As America debates whether to send tens of thousands more troops to Afghanistan, in the ninth year of a war for ends we cannot discern, a riveting new history recalls times when Americans fought for vital national interests.
"A Country of Vast Designs: James K. Polk, the Mexican War, and the Conquest of the American Continent" is Robert Merry's brilliant biography and history of that time. Merry goes far toward righting the injustice done by historians who have denied this great man his place in the pantheon of presidents, because they believe "Jimmy Polk's War" to have been a war of aggression against a Third World people.
As Merry relates, the problem is not with "Young Hickory," the protege of Andrew Jackson, but with historians who ever allow political correctness to blind them to true greatness.
The Mexican War was as just a war as we have ever fought.
In 1836 at San Jacinto, Sam Houston had won the independence of Texas with his defeat of Santa Anna, butcher of the Alamo and Goliad. In eight years, Mexico had not tried to recapture Texas. For eight years, Houston and Texas had sought admission to the Union.
In 1844, Polk, twice defeated for governor of Tennessee, was seeking the Democratic vice presidential nomination on a ticket with ex-President Martin Van Buren, Jackson's vice president.
But when the issue of annexation of Texas caught fire in the country, Van Buren opposed it, losing his patron Jackson. Polk rode the Texas issue to victory in Baltimore as the "dark horse" in the most dramatic convention in history. His opponent that November, the Whig Henry Clay, running a third time, was also fatally wrong on Texas.
Lame-duck president John Tyler, however, stole a march on Polk by annexing Texas by joint resolution of Congress.
But where was the southern border of Texas?
Santa Anna had signed Texas away to the Rio Grande. Mexico said the border was the Nueces River, far to the north. In dispute were thousands of square miles. To enforce America's claim, Polk sent Gen. Zachary Taylor to the Rio Grande.A Mexican army arrived on the south bank, and an American patrol, north of the Rio Grande, was ambushed and cut to pieces by Mexican troops. When word reached Washington, Polk sent Congress a message: "The cup of forbearance" has "been exhausted."
Congress voted a near-unanimous declaration of war.
And as ever in wartime, bold men rise to immortality.
Col. Stephen Kearny set out from Kansas with 1,500 troops, marched to Santa Fe, claimed New Mexico for the Union and, with 300 dragoons, rode on to Los Angeles, into a clash with Capt. John C. Fremont, son-in-law of Polk's mighty Senate ally, Thomas Hart Benton.
Zachary Taylor, "Old Rough and Ready," routed Santa Anna at Buena Vista in a victory that would make this Whig general Polk's successor as president. Bayoneted to death at Buena Vista had been the young hero Henry Clay Jr. His father had bitterly opposed the war.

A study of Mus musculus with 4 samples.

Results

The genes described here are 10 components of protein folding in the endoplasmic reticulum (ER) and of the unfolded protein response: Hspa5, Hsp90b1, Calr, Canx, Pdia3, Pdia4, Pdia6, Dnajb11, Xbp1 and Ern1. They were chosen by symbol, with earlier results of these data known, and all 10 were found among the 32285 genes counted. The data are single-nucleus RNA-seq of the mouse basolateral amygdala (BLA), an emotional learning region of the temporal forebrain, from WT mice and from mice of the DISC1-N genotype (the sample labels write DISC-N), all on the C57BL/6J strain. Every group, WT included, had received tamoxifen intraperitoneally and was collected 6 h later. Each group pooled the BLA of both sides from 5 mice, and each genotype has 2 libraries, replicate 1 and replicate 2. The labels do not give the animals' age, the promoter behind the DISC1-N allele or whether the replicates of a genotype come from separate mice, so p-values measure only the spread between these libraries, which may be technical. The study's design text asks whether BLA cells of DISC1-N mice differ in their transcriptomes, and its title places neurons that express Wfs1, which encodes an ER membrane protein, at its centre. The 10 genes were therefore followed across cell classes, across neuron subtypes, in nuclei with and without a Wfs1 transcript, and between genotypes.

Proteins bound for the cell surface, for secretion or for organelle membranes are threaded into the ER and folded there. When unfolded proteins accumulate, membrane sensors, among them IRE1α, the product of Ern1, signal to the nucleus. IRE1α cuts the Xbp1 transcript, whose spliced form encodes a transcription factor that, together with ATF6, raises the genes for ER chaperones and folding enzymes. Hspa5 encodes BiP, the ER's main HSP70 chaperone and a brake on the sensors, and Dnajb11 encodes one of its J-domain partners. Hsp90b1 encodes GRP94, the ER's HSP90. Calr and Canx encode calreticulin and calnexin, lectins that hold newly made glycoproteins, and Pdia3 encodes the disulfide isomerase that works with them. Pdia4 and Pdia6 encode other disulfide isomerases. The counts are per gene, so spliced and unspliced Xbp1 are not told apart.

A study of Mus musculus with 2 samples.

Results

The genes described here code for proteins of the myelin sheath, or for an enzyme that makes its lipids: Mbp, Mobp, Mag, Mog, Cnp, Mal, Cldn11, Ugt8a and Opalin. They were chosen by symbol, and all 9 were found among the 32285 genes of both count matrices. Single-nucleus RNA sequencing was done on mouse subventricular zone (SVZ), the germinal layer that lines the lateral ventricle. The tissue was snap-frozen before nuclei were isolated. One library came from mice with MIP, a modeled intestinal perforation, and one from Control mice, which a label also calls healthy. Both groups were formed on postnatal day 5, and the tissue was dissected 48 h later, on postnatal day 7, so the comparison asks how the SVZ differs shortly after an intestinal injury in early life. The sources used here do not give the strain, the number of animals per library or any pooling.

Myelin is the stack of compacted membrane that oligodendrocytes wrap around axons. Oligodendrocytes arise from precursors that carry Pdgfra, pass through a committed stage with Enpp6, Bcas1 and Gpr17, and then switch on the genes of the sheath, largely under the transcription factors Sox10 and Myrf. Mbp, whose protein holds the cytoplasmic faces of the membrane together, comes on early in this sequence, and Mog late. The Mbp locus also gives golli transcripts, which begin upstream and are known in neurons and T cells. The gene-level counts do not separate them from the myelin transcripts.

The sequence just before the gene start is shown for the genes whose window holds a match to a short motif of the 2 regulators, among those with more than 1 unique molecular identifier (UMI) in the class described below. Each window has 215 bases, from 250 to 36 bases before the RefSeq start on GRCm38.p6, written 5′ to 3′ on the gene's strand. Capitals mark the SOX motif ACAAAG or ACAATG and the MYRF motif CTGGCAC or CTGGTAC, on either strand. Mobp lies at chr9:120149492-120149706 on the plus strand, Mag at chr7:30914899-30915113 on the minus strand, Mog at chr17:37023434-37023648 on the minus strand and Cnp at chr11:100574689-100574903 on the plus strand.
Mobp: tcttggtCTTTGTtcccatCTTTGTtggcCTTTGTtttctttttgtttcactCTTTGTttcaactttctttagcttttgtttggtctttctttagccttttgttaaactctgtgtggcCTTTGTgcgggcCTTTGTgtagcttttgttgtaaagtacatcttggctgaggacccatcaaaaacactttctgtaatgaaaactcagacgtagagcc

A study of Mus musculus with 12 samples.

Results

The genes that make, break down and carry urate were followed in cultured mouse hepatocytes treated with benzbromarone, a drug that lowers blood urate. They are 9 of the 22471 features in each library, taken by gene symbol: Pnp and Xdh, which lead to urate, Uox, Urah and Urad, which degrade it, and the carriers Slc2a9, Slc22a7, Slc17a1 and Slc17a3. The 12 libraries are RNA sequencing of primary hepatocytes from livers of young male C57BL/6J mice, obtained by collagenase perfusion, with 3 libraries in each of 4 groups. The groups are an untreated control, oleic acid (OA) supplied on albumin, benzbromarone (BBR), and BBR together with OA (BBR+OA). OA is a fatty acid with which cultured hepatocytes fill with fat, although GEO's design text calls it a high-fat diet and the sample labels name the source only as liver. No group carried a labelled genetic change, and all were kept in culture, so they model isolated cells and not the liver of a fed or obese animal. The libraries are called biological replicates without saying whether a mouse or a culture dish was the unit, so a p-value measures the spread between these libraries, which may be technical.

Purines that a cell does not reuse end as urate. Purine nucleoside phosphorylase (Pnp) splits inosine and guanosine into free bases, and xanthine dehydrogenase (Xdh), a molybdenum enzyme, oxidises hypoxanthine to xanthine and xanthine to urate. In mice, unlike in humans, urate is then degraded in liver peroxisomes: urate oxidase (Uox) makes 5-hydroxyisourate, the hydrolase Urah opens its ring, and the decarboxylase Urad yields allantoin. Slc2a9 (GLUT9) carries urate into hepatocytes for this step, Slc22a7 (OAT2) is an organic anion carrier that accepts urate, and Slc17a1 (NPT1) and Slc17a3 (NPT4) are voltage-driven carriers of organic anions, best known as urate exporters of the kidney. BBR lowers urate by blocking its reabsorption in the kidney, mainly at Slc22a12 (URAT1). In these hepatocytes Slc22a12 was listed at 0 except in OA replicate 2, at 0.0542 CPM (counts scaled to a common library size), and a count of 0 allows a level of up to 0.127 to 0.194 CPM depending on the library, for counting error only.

To Gen. Winfield Scott, Polk gave command of an army that was to land at Veracruz and take the path of Cortez to the capital to dictate terms if Mexican diehards rejected a negotiated peace.
Leading an invasion force half the size of the defending army, Scott never lost a battle on his six-month march to Mexico City. The Duke of Wellington called Scott the world's "greatest living soldier" and said his campaign "was unsurpassed in military annals."
Riding with Scott's army was Polk's agent, Nicholas Trist, who would bring home a triumph rivaled only by the Louisiana Purchase. Trist was the chief clerk of the State Department under that devious secretary of state and future president James Buchanan, who ever had his eyes on the prize.
But Trist rode on to Mexico City, reconciled with Scott, seized the opportunity of a peace party in power, negotiated the Treaty of Guadalupe Hidalgo, came home and was sacked.
But under Trist's treaty, Mexico had agreed to the Rio Grande as the Texas border, ceded all of New Mexico, which included half a dozen future American states, and signed away California, for $15 million and forgiveness of Mexico's debts.
The renegade envoy had come home with half of Mexico. They ought to rename the State Department for this great American.
Some urged Polk to break his pledge and run again. He refused. He had done what he came to do: annex all of Texas, acquire California and settle the Oregon Territory dispute with Great Britain on terms favorable to the United States.
Polk went home to Tennessee and, in 100 days, was dead.
He lacked the character of Washington, the brilliance of Jefferson, the charisma of Jackson, but James K. Polk belongs with the immortals. None gave more or did more for America. Bob Merry has made a major contribution to historical truth and written one splendid book.